September is National Brain Aneurysm Awareness Month


Brain aneurysms can occur in anyone, at any age. An estimated 6 million people in the United States have an unruptured brain aneurysm. Each year, about 30,000 people in the U.S. will suffer from a ruptured brain aneurysm. About 40% of those experiencing a ruptured brain aneurysm will die.

To raise awareness of the dangers and increase public awareness and understanding of brain aneurysms, including methods of early detection and treatment, September has been identified as National Brain Aneurysm Awareness Month. Understanding that early detection can make a significance difference in the outcome, The Brain Aneurysm Foundation is working to help educate the general public and the medical community on how to recognize the symptoms of a brain aneurysm.

If the brain aneurysm is diagnosed early with proper screening, it can be treated before it ruptures, saving lives. Dr. Christopher Ogilvy, cofounder of The Brain Aneurysm Foundation and Director of Endovascular and Operative Neurovascular Surgery at Massachusetts General Hospital gives the following tips on ways to reduce your risk for a brain aneurysm and what warning signs and symptoms to look for:

  • Understand risk factors

Researchers and doctors have identified several risk factors which they believe contribute to the formation of a brain aneurysm including: family history of brain aneurysms, smoking, high blood pressure or hypertension, drug use, infection, tumors, traumatic head injury, age (over 40), gender (women have an increased ratio over men 3:2), presence of an arteriovenous malformation or other inherited disorders like Ehlers-Danlos syndrome, kidney disease and Marfan syndrome.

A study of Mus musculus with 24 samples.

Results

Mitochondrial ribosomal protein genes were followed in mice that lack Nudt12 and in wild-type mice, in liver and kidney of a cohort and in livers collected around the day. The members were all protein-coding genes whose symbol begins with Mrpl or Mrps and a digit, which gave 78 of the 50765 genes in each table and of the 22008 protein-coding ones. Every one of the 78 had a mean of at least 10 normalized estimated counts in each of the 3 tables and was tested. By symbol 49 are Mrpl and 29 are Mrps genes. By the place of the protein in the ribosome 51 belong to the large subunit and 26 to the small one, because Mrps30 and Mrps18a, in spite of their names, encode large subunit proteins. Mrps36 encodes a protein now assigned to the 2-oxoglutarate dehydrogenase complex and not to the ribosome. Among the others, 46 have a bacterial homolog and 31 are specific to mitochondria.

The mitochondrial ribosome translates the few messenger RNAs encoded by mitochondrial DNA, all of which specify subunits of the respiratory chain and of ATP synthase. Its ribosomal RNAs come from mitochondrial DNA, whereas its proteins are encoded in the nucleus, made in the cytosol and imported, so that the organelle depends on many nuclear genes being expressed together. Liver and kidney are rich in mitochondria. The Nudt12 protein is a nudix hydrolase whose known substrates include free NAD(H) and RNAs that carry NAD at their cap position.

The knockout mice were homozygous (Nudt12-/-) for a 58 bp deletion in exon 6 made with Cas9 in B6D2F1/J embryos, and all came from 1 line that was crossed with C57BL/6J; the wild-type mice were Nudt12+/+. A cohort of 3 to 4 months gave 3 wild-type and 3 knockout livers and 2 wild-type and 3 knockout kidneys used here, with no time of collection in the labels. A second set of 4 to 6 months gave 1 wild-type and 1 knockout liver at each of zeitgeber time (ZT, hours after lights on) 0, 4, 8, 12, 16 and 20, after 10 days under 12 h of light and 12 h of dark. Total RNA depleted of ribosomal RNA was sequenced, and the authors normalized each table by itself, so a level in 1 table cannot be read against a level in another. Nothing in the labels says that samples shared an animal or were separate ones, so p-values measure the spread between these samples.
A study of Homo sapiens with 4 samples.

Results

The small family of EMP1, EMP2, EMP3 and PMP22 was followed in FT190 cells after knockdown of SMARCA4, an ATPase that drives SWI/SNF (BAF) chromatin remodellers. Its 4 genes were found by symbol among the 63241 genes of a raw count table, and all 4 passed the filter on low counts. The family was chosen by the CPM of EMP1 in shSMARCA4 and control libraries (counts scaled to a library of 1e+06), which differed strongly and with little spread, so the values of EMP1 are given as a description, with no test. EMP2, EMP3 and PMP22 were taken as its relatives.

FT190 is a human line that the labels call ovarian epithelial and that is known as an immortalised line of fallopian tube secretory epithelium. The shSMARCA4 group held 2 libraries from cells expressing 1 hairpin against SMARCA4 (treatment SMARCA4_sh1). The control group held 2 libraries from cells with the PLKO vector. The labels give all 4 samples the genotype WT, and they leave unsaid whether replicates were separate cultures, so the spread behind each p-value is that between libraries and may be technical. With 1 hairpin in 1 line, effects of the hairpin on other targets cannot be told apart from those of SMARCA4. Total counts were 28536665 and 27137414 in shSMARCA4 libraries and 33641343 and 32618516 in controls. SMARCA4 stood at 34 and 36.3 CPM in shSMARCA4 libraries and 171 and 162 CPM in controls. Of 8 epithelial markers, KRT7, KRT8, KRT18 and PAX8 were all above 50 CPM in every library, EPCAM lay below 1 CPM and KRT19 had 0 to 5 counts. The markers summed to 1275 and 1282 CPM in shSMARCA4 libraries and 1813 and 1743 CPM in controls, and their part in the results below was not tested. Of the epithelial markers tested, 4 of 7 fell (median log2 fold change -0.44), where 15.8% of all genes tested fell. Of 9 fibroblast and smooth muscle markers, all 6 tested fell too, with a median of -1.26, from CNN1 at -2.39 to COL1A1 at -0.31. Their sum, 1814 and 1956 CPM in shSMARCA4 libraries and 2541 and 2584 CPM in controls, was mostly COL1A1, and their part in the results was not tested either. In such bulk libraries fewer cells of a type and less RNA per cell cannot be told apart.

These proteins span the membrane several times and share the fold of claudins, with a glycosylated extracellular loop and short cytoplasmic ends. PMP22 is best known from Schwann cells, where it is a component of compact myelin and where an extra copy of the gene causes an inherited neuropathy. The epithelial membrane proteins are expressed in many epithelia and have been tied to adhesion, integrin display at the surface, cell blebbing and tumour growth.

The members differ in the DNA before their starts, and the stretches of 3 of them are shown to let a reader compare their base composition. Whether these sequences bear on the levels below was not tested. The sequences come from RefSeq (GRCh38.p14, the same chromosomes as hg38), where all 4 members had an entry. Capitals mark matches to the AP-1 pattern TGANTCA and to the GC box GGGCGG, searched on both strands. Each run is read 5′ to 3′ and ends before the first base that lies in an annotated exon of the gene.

• Learn about early detection and screening methods

Brain aneurysms can be similar to heart attacks. Just like a person may have no warning of an impending heart attack, there almost is never a warning that a brain aneurysm is about to rupture. Fortunately, through imaging screening techniques, individuals at high risk of harboring a brain aneurysm can be identified easily with non-invasive imaging tests.

  • Know what warning signs and symptoms to look for

Small unruptured brain aneurysms are typically not associated with any symptoms – however, large unruptured aneurysm can occasionally press on the brain or nerves and may result in various neurological symptoms including: localized headache, dilated pupils, blurred or double vision, pain above and behind the eye, weakness and numbness or difficulty speaking.
Ruptured brain aneurysms usually result in bleeding in the brain which causes sudden symptoms including: sudden severe headache, loss of consciousness, nausea/vomiting, stiff neck, sudden blurred or double vision, sudden pain above the eye/difficulty seeing, sudden trouble walking or dizziness, sudden change in mental status/awareness, sensitive to light, seizure or drooping eyelid.

•Seek medical attention
Any individual experiencing some or all of these symptoms, regardless of age, should undergo immediate and careful evaluation by a physician.

The Brain Aneurysm Foundation is the nation’s only non-profit organization solely dedicated to providing critical awareness, education, support and research funding to reduce the incidence of brain aneurysm ruptures. The Brain Aneurysm Foundation hopes to improve these tragic statistics and save lives by funding vital research and increasing awareness.

The Brain Aneurysm Foundation offers many resources to promote early diagnosis of brain aneurysms including an educational video entitled Early Detection of Brain Aneurysms: Life vs. Death. This 20-minute video is designed to educate primary care physicians, emergency room physicians and first responders on the early detection of brain aneurysms.

A number of events are planned throughout the United States during September which are designed to raise awareness of brain aneurysms. For more information on local events and informational materials on awareness efforts, please visit

About the Brain Aneurysm Foundation
The Brain Aneurysm Foundation was established in Boston on August 19, 1994, as a public charity. The Brain Aneurysm Foundation is the nation’s only nonprofit organization solely dedicated to providing critical awareness, education, support and research funding to reduce the incidence of brain aneurysms. The Brain Aneurysm Foundation has become the world’s leading source of private funding of brain aneurysm research.